PRESQUE ISLE — In late February 2020, just weeks before Maine’s COVID-19 lockdown, Northern Maine Community College launched a partnership with Good Shepherd Food Bank as part of a statewide initiative between the Food Bank, Maine’s community colleges, and Hannaford Supermarkets. In becoming part of Good Shepherd Food Bank’s official “Partner Agency Network,” NMCC created a direct link between students facing food insecurity and Maine’s largest hunger-relief organization.
The timing turned out to be remarkable. In addition to funds received in 2020, this month Good Shepherd Food Bank awarded NMCC an unrestricted $2,400 grant to support the College’s own on-campus food pantry. NMCC Student Navigator Ashley Hall, who also serves as the coordinator and liaison with Good Shepherd Food Bank, worked with her team to fill food packages for students in need using goods purchased with the grant.
“A student’s needs do not stop regardless of whether or not they are on campus or fully online,” said Hall. “Winter is typically when we see more students accessing the food pantry, and this year we have seen an increase. Many students have been impacted by COVID-19 and the financial hardships that all communities are facing.”
In addition to the grant mentioned above, Good Shepherd Food Bank awarded the college $750 to provide literature about healthy eating and bags for distributing goods to students. All resource bags include information connecting students with essential community resources such as ACAP, General Assistance and SNAP benefits.
Good Shepherd is also providing 40 “Farm to Family” food boxes at the end of the month. The boxes include meat, dairy, produce, and a gallon of milk. The boxes will be passed out with the resource bags to students who have pre-registered with Hall. Students will pick them up drive-thru style from Hall and her team later this month.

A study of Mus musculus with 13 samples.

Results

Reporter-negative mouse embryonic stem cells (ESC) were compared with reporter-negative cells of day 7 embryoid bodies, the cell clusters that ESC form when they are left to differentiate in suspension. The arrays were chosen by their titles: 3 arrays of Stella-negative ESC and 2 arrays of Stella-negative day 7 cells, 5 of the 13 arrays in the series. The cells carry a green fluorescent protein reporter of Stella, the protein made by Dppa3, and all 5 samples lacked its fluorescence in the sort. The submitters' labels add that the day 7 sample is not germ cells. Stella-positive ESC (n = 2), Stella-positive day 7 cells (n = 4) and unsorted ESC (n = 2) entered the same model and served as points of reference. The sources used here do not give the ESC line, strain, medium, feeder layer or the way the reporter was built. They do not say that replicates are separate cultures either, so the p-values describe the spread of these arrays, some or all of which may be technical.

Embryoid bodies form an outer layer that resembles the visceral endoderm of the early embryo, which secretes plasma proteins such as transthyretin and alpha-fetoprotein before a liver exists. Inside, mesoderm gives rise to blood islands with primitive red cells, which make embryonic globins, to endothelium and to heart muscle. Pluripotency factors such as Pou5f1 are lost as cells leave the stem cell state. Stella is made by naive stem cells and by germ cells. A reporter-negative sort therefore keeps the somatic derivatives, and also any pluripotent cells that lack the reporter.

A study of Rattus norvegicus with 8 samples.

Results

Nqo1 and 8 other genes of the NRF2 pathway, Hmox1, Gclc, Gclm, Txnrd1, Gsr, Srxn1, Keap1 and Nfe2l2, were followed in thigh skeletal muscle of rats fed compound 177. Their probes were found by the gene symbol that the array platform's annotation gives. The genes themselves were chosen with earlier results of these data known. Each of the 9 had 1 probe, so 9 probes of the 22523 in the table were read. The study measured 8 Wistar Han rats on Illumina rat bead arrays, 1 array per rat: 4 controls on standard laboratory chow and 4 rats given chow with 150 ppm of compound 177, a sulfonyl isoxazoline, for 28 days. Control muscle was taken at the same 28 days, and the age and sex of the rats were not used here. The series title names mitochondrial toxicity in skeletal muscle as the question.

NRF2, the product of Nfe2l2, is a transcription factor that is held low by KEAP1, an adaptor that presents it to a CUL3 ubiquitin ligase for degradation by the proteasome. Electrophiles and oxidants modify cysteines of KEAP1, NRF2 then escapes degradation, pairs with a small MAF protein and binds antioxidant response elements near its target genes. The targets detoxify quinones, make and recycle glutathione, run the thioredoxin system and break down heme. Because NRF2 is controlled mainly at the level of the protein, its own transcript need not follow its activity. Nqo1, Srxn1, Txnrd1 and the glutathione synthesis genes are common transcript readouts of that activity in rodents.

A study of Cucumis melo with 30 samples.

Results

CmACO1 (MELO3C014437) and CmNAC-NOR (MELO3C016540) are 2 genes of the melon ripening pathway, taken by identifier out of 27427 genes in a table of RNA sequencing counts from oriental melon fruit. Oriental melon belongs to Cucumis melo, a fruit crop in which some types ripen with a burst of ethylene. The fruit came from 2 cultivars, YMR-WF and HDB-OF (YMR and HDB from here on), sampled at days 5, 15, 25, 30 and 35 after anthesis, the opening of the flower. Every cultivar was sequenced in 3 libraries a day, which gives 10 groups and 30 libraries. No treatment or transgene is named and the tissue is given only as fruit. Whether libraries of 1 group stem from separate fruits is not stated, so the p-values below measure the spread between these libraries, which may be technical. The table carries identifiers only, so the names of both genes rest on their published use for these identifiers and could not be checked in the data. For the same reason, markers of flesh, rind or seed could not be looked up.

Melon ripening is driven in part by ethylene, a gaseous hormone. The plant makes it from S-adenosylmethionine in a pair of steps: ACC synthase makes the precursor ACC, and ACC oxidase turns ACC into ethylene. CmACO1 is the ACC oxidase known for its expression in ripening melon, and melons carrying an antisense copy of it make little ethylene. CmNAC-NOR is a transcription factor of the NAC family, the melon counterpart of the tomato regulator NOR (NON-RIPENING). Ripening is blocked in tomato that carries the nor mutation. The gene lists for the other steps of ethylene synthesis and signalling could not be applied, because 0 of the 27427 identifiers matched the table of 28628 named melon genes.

Recent studies conducted by Preble Street in Portland show that at least 40 percent of students enrolled in Maine’s college are food insecure. A national study conducted by the Hope Center in 2019 found that nearly half of all responding college students had faced food insecurity within the past 30 days. These statistics have certainly shifted in the past 12 months, with the pandemic nearly doubling the US unemployment rate from 3.5 to 6.7 percent.
“Maine is in the midst of a devastating hunger crisis, fueled by the crushing economic impacts of the COVID-19 pandemic,” said Kristen Miale, president of Good Shepherd Food Bank. “We have never experienced this scale of growth at the Food Bank. Our partners distributed 27.2 million meals statewide; this is a 7 percent increase over the previous year. We’re proud to say 81 percent of these meals were nutritious foods to encourage healthy eating.”
“Food insecurity impacts our ability to focus and learn,” said Belen Dougherty, a non-traditional NMCC business student and veteran with two young children. As a work-study student in the counseling office, Dougherty has assisted preparing the food and resources. “How can we work on our assignments while worried about when the next meal will be?”
“I am grateful for the support the community has given to our students in need, and I know our students are grateful as well,” said Hall. “I cannot thank Good Shepherd Food Bank enough for the support they have given to NMCC, along with all the other generous community members during this time.”
To learn more about resources available to NMCC students, contact Hall at email@example.com.